Rio introduces a small number of new concepts: Service, Router, External Service, and Domain. In addition, it reuses two existing Kubernetes resources: ConfigMaps and Secrets.
The power of Rio resides in its ability to utilize the power of Kubernetes, Linkerd service mesh, and Tekton CI/CD through a simple set of concepts.
Service is the core concept in Rio. Services are a scalable set of identical containers.
Running containers in Rio (
rio run) creates a Service. That can be manually scaled with
Services are assigned a DNS name so that they can be discovered and accessed by other services.
Stack is an abstraction of
Riofile. Riofile is a file that is similar to docker-compose.
In it, multiple Rio resources (services, routers, etc.) can be defined in a single file with simplified syntax that is easy to memorize.
Router is a resource that manages load balancing and traffic routing rules. Routing rules can route based on hostname, path, HTTP headers, protocol, and source.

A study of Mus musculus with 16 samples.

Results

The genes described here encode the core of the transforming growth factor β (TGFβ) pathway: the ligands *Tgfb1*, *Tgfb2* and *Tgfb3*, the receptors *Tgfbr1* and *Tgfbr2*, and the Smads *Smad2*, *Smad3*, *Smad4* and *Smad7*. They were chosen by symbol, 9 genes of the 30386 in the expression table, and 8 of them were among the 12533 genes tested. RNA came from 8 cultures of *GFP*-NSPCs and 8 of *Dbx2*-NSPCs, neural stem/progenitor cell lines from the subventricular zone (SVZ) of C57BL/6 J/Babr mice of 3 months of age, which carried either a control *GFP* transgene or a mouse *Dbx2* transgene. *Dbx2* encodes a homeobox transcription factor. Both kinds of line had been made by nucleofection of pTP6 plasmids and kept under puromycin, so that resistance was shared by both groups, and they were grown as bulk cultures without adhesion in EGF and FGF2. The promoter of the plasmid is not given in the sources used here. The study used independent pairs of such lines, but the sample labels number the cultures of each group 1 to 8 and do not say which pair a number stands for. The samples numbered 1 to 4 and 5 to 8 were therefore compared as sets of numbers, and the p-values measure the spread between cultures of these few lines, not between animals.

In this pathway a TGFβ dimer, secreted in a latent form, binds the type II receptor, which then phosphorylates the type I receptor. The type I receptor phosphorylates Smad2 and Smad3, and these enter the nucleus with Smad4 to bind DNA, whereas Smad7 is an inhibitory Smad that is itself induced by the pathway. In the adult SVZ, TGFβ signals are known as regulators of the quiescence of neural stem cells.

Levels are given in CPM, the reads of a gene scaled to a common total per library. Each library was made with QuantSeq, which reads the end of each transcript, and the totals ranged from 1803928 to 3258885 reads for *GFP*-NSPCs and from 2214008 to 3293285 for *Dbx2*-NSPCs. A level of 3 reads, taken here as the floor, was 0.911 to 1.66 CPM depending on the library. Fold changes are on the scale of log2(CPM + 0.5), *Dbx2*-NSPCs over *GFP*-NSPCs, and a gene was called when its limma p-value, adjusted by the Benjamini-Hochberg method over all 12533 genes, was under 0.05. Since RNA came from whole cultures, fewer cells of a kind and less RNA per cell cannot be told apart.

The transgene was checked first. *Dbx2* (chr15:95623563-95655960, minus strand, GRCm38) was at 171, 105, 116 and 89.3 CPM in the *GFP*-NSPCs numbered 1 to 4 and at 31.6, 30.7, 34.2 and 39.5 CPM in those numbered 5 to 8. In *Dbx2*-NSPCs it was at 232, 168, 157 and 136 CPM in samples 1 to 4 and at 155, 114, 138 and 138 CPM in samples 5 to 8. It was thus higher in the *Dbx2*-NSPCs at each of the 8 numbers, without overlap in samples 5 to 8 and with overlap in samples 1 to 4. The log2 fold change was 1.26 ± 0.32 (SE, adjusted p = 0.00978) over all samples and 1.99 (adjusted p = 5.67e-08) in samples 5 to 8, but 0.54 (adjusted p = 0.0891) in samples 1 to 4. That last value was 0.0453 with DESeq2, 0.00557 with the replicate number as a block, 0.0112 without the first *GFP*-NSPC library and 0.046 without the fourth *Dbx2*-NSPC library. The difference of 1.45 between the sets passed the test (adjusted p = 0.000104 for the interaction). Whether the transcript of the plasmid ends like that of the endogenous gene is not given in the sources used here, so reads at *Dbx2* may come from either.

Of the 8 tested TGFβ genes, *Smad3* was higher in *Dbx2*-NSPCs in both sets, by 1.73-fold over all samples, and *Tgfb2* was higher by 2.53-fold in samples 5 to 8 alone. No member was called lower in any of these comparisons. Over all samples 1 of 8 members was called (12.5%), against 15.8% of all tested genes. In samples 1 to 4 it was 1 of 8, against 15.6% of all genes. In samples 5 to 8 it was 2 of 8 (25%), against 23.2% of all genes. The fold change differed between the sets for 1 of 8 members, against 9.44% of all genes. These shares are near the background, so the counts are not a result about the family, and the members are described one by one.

External Service provides a way to register external IPs or hostnames in the service mesh so they can be accessed by Rio services. Also, Rio services running in one namespace can be declared as ExternalServices in another namespace.
Public Domain can be configured to assign a service or router a vanity domain like www.myproductionsite.com.
Cluster Domain is a DNS name that can be configured globally on each service so that each service will have an endpoint like $service_name-$namespace.xxx.clusterdomain.
By default Rio will create and assign the
on-rio.io DNS name to each service, so it will have a DNS name like
ConfigMaps are a standard Kubernetes resource and can be referenced by Rio services. They are pieces of configuration that can be mounted into pods so that configuration data can be separated from image artifacts.
Secrets are a standard Kubernetes resource and can be referenced by Rio services. They contain sensitive data that can be mounted into pods.